Saturday, April 26, 2008

Some random things I am feeling right now.


So anyway, I have a good excuse for missing a day, but now I'm back up and running. Full connectivity restored. Beep beep.


Unfortunately right this second I don't have much to say, so for today's make-up sesh I will write a lot about a little, with another installment of Some Random Things I am Feeling Right Now. First up:

Push-ups. There was an article in the NYT awhile ago talking about how push-ups are pretty much the best exercise you can do, and while I retain roughly the same physical composition as Burl Ives, I have been hitting the push-ups with the fury of something really furious and strong. I have a rule that every time I pass the record room in my apartment, I have to do 20 push-ups and I'm up to about 120 a day.
This exhibition at Howard House in Seattle, by Eli Hansen and Oscar Tuazon. Not that I've seen it in person, but the photos on the website look really cool.

Above: Oscar Tuazon's Poulsbo (folded digital c-print, mounted on aluminum, 19.5" x 29")

This book by Adrian Shaughnessy. A lot of the stuff is pretty obvious but sometimes you need to hear those things so you have some back-up that you're doing stuff right. There's no technical information, it's all just ideas on how to set up a design studio or freelance business effectively. Stefan Sagmeister wrote the foreword and short interviews with Neville Brody, Andy Cruz, and others break up the chapters. It's also a beautifully designed book. Order it online from Powell's.

Café Bustelo. It's not easy to find a good cup of coffee in New York. (Anyone who thinks differently, point me in the right direction. If you're wrong, you will be dead to me, but if you're right, I'll buy you a delicious cup of coffee.) Luckily, the glorious bodegas of this city have an abundance of finely-ground, extremely strong, vacuum-packed Café Bustelo for your home brewing needs. You can always buy beans, but why? They're much more expensive and in general they're not much better, unless someone brings them to you from Seattle. I wasn't going to add this to the list but I just took another sip and realized how much I love the stuff. It also tasted a little bit like weed. Pacific Standard is proud to be powered largely by Café Bustelo.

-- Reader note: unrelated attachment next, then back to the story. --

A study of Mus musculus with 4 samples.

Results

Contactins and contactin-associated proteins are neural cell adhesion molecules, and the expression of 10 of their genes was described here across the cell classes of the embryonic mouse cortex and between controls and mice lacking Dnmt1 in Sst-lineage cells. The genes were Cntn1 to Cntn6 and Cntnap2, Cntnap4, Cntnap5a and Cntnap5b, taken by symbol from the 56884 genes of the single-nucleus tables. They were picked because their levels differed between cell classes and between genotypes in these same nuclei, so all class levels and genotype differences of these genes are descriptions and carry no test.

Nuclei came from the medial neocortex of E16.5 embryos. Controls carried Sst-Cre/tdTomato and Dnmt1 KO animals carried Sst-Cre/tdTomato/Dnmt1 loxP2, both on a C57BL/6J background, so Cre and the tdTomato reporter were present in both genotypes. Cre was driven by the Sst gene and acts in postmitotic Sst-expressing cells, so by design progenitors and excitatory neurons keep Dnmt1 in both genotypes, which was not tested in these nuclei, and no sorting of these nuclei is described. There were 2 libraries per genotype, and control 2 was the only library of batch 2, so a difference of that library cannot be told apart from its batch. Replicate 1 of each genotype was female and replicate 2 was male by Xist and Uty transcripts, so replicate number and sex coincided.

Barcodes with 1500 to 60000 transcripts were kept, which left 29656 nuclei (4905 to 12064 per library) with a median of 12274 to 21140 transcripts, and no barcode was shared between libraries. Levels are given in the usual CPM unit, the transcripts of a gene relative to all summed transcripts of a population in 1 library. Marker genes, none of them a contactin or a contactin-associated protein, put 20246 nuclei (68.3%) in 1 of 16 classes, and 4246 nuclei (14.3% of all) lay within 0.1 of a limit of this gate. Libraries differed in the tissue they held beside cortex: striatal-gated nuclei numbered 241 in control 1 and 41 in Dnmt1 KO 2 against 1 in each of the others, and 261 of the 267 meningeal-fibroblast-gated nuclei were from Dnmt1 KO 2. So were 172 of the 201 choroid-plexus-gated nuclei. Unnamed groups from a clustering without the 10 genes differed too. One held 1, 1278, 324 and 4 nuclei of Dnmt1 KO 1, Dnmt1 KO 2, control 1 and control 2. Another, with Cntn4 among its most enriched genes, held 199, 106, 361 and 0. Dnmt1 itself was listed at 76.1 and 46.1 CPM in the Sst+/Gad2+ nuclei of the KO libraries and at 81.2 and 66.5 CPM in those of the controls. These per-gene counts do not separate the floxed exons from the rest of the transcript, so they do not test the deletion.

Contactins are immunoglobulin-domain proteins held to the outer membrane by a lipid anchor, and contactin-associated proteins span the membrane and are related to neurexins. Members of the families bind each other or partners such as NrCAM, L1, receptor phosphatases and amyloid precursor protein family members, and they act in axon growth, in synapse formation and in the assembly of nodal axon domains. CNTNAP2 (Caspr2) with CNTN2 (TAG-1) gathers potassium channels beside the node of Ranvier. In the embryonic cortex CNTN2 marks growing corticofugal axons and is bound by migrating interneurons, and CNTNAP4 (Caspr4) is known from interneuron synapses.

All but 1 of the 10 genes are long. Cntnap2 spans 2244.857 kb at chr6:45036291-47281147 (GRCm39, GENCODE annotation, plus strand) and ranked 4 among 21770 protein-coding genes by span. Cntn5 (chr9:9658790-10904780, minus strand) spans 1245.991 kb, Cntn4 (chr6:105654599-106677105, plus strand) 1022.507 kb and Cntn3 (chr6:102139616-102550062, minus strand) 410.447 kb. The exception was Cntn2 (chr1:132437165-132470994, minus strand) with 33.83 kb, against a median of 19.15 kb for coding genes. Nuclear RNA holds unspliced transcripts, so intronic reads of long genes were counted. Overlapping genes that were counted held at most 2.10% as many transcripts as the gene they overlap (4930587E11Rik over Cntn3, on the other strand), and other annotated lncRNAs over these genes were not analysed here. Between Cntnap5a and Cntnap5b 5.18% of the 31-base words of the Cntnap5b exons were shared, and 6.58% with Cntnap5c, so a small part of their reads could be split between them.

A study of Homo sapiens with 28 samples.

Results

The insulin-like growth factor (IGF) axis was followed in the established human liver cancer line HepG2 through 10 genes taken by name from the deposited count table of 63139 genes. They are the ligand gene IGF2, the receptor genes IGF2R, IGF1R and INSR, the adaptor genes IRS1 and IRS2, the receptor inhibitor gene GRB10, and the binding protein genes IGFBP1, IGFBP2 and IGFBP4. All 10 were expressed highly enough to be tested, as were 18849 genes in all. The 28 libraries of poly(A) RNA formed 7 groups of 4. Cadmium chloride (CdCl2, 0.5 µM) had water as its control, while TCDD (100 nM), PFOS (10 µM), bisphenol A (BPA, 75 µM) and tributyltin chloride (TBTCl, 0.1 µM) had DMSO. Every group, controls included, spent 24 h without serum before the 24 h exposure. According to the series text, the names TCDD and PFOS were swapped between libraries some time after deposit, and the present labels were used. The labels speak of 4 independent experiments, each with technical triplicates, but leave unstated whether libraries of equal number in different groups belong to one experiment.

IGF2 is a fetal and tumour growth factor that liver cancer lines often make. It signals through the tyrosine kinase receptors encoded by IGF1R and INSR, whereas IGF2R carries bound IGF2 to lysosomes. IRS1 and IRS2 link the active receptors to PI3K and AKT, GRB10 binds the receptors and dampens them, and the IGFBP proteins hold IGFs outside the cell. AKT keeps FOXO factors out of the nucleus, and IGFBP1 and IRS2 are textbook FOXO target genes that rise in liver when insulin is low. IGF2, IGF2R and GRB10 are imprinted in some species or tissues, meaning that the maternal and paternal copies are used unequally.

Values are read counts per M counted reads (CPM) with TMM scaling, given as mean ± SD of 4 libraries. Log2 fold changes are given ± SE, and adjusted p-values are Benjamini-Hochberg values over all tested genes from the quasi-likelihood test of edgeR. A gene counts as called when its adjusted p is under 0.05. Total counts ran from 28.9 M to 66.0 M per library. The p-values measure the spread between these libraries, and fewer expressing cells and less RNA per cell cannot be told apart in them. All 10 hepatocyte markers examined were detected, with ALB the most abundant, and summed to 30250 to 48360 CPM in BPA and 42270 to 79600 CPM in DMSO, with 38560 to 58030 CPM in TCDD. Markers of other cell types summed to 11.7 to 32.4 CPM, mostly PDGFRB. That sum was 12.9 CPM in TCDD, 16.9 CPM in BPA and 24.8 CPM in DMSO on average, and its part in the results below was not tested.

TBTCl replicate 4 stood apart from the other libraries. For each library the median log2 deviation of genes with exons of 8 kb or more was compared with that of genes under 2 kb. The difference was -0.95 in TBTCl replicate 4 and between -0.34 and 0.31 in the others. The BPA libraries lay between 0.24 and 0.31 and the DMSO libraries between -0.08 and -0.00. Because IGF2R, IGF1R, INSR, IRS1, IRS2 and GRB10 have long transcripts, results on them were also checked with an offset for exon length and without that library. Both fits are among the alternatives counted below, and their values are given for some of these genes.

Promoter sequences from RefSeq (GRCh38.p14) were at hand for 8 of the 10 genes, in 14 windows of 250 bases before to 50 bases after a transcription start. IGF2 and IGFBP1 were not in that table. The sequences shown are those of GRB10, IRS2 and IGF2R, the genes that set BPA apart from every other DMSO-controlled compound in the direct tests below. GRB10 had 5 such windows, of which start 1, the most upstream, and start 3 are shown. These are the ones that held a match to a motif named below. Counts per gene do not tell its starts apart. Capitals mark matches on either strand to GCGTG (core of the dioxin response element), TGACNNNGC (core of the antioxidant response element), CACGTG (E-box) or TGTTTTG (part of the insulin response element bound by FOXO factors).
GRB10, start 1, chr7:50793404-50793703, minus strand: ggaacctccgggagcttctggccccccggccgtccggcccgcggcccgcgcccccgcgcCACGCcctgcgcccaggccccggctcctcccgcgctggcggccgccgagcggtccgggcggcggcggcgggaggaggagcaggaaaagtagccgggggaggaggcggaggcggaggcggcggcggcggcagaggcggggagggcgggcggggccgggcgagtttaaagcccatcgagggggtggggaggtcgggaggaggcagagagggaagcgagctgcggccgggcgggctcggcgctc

Seltzer. While we're on the topic of drinks, let's really surround the story and add this to the list. I used to drink a lot of diet Coke. No, I mean a lot. I started having these weird heart palpitations and my doctor (who is the doctor in Super Size Me, thank you Sarah Honda) told me in his barely understandable accent—it's like having Keith Richards for a doctor—that I shouldn't drink so much and I shouldn't drink diet soda at all. I stopped drinking diet soda for good, and the heart thing completely went away very quickly. Thing is, I like to have a beverage by my side at all times, and fizzy beverages are particularly enjoyable. So I drink a ton of seltzer, which is fun and hydrating.

Vince Aletti's column in Interview. Aletti is (as far as I know) the foremost holder of knowledge on magazine photography and art direction and I'm really interested to see what he pulls out of his vault in coming issues. For May he covers Jerry Schatzberg, who photographed stories for Vogue, Esquire, Life, and others in the '60s, and went on to direct films such as The Panic in Needle Park.
Barbed wire stirsticks at the Cowgirl Hall of Fame. That's another semi-underrated spot. I'm not a fancy guy, I don't need the hippest place in town. They have a good selection of tequila, the food is good, and I've always had fun there. Among other cool cowgirl and Western memorabilia, they have a big display of different kinds of barbed wire. These are the stirsticks you get if you order a cocktail that requires stirring.

Previously:
Some random things I was feeling on March 24, 2008

5 comments:

wonting said...

Oh I love the Cowgirl Hall of Fame, I gotta get me one of those barbwire stir sticks! When are we going, Strath???

Jen said...

1. Jeans aka Porn Cat loves ALL the ladies.
2. That water looks brown.
3. A round house is a neat house.
4. A graphic designer with a soul? HA!
5. What does Bustelo mean?
6. Canadians hate fizzy drinks. Ask The Siz.
6.5 The very same doctor diagnosed me in about 2 minutes while barely looking up from his notes. I got a prescription in 30 seconds and was out in 5 after sitting in the waiting room staring at the crazy painting of the eyeballs, noses, ears, etc. for 90 minutes. He told my co-worker Ben that he had shrunk an inch and that he needed calcium pills. A year later, he told another co-worker the same thing. Neither believed they had shrunk at all, and even measured themselves to the same outcome. They were the same height they had always been!
7. I gotta read that.
8. I wanna git some.

Ralph said...

the mud truck has decent coffee, as does oslo in williamsburg.

Sky said...

There is a place in Chelsea called Cafe Grumpy (I want to go on record as hating that name) that has a great, although expensive, cup of coffee. The method of brewing uses a reverse pressure pot machine that costs $10,000. I think that is chocked full of nuts!

Jason W. said...

Mud is horribly over-rated. Come to think of it, it describes it's own taste fairly succinctly.

For great coffee in NYC, head to either Ninth Street Espresso (either in Chelsea Market or at 10th and B) OR try The Mercury Dime at 5th Street and 2nd Ave.